If you deploy VxRail stretched clusters instead of a single-site cluster in order to meet availability requirements, be aware of the impact this decision has in planning the workload. A VxRail stretched cluster requires double the number of VxRail nodes to support any planned workload, as each site must be able to support that workload in the event of a site failure.
The reason for this is because every write operation by a virtual machine is performed on the vSAN datastore at both sites. Therefore, the size of the physical storage positioned to support any planned workload must be doubled.
In addition, there are a couple of other items of importance to consider with using stretched cluster to support your Cloud Foundation workloads:
If you require support for workloads at multiple locations, you can choose a single-site deployment with a single point of management at each location, or have a centralized site designated to manage workloads at the local site and at remote sites.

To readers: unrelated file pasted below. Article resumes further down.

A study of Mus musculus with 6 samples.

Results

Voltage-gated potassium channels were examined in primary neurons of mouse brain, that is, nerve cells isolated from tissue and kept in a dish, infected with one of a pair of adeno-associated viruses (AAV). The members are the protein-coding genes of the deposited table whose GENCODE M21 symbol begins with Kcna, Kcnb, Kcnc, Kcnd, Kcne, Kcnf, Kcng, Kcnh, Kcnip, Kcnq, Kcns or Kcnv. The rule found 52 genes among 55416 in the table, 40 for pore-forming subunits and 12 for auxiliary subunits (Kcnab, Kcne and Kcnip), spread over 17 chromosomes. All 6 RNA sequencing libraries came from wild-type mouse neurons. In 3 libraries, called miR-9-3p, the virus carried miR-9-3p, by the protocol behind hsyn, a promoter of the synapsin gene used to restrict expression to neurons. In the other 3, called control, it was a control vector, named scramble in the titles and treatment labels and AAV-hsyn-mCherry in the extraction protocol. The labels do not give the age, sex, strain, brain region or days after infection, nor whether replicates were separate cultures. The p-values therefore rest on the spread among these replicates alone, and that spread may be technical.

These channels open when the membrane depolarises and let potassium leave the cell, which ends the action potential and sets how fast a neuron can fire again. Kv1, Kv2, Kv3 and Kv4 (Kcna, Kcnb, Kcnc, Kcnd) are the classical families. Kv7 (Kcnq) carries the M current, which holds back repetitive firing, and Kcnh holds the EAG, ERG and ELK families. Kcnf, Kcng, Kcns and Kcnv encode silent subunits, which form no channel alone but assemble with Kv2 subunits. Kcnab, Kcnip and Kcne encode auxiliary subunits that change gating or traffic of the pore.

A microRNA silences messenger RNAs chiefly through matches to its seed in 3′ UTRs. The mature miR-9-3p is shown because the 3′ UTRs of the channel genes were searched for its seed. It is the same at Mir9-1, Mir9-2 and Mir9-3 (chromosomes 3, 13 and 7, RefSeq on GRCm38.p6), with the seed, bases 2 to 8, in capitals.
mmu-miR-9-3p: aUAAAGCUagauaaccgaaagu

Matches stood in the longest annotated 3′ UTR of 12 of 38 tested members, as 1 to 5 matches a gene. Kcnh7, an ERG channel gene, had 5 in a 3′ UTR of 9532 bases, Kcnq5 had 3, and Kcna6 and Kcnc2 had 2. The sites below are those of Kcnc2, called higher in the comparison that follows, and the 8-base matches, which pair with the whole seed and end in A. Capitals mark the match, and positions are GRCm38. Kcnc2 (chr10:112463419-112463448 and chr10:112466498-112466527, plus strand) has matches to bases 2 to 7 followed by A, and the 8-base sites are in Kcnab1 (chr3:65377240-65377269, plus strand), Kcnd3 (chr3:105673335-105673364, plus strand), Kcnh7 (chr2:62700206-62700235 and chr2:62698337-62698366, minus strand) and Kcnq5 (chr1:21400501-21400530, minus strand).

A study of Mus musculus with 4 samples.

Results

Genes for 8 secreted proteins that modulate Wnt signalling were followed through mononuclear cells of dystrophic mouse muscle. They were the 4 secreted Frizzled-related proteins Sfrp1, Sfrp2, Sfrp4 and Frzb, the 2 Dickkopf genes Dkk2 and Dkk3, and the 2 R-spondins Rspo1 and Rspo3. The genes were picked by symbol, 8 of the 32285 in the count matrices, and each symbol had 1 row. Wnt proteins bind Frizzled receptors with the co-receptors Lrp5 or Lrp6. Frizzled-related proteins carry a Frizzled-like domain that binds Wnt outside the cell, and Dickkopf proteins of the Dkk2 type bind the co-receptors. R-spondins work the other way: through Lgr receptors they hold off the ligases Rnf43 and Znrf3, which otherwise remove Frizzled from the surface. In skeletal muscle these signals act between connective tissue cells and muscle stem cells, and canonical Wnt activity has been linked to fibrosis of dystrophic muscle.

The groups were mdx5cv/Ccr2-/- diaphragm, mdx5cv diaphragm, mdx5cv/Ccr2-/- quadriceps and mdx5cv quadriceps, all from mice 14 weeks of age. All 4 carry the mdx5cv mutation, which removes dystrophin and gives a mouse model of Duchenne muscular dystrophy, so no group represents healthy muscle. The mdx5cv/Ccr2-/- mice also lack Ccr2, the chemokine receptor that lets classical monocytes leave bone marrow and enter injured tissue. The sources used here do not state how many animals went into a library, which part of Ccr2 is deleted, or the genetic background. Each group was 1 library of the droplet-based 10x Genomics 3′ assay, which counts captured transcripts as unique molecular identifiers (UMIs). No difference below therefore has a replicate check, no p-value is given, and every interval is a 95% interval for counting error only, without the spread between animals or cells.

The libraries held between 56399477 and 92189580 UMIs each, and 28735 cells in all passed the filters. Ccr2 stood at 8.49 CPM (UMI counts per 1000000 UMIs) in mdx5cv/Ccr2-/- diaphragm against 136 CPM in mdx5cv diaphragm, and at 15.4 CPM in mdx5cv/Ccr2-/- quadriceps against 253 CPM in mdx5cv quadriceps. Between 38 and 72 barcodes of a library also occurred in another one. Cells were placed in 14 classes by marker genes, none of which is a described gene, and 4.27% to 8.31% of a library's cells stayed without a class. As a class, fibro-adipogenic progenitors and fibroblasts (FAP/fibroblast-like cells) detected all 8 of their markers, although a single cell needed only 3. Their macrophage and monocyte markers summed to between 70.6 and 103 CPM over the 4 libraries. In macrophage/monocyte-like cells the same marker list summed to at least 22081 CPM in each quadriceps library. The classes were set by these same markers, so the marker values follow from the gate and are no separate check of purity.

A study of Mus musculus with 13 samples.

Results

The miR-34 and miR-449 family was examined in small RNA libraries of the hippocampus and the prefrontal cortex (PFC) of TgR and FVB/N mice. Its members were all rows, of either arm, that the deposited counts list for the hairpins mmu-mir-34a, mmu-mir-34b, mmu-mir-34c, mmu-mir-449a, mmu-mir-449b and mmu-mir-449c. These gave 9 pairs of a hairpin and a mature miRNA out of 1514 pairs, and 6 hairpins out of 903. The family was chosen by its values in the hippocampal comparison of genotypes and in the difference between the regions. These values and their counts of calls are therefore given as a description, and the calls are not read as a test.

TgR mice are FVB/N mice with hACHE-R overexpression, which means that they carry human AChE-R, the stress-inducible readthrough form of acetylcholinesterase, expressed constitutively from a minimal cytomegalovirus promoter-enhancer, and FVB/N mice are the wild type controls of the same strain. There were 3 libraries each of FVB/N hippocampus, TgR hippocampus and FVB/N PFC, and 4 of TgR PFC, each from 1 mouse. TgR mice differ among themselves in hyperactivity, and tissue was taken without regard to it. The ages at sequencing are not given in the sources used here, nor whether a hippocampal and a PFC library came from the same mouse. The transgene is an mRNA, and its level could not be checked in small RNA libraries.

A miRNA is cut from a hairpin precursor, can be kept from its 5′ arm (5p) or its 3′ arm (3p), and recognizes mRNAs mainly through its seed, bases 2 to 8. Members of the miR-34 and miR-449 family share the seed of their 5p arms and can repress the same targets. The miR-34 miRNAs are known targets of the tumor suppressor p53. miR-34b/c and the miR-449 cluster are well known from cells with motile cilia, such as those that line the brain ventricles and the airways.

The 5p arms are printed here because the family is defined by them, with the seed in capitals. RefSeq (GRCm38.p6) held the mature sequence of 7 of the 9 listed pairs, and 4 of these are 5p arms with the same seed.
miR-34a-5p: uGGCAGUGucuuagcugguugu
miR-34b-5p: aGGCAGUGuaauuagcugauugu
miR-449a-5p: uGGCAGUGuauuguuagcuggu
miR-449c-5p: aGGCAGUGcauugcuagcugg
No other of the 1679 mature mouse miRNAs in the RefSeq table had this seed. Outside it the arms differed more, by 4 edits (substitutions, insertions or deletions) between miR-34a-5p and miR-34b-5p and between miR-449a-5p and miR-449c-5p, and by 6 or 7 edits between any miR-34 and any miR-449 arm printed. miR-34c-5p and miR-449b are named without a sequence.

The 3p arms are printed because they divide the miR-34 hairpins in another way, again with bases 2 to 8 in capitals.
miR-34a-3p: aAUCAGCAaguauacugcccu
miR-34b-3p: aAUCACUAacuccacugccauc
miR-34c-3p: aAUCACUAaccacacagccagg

The decision whether to pursue a centralized site model must meet the following considerations:
If your plans include expansion of Cloud Foundation on VxRail instances across regions using NSX-T Federation, consider both the latency and bandwidth of the physical network between regions. You can begin by deploying Cloud Foundation on VxRail in a single region, and decide to scale out into a multi-region architecture as a future expansion.
The maximum round-trip latency supported for NSX-T Federation is 150 milliseconds. Ideally, your latency between regions should fall within the performance threshold requirements set for the applications that are interconnected across regions. In addition, the network between sites must be configured to support NSX-T. The MTU size of the connecting network must be 1600 or larger.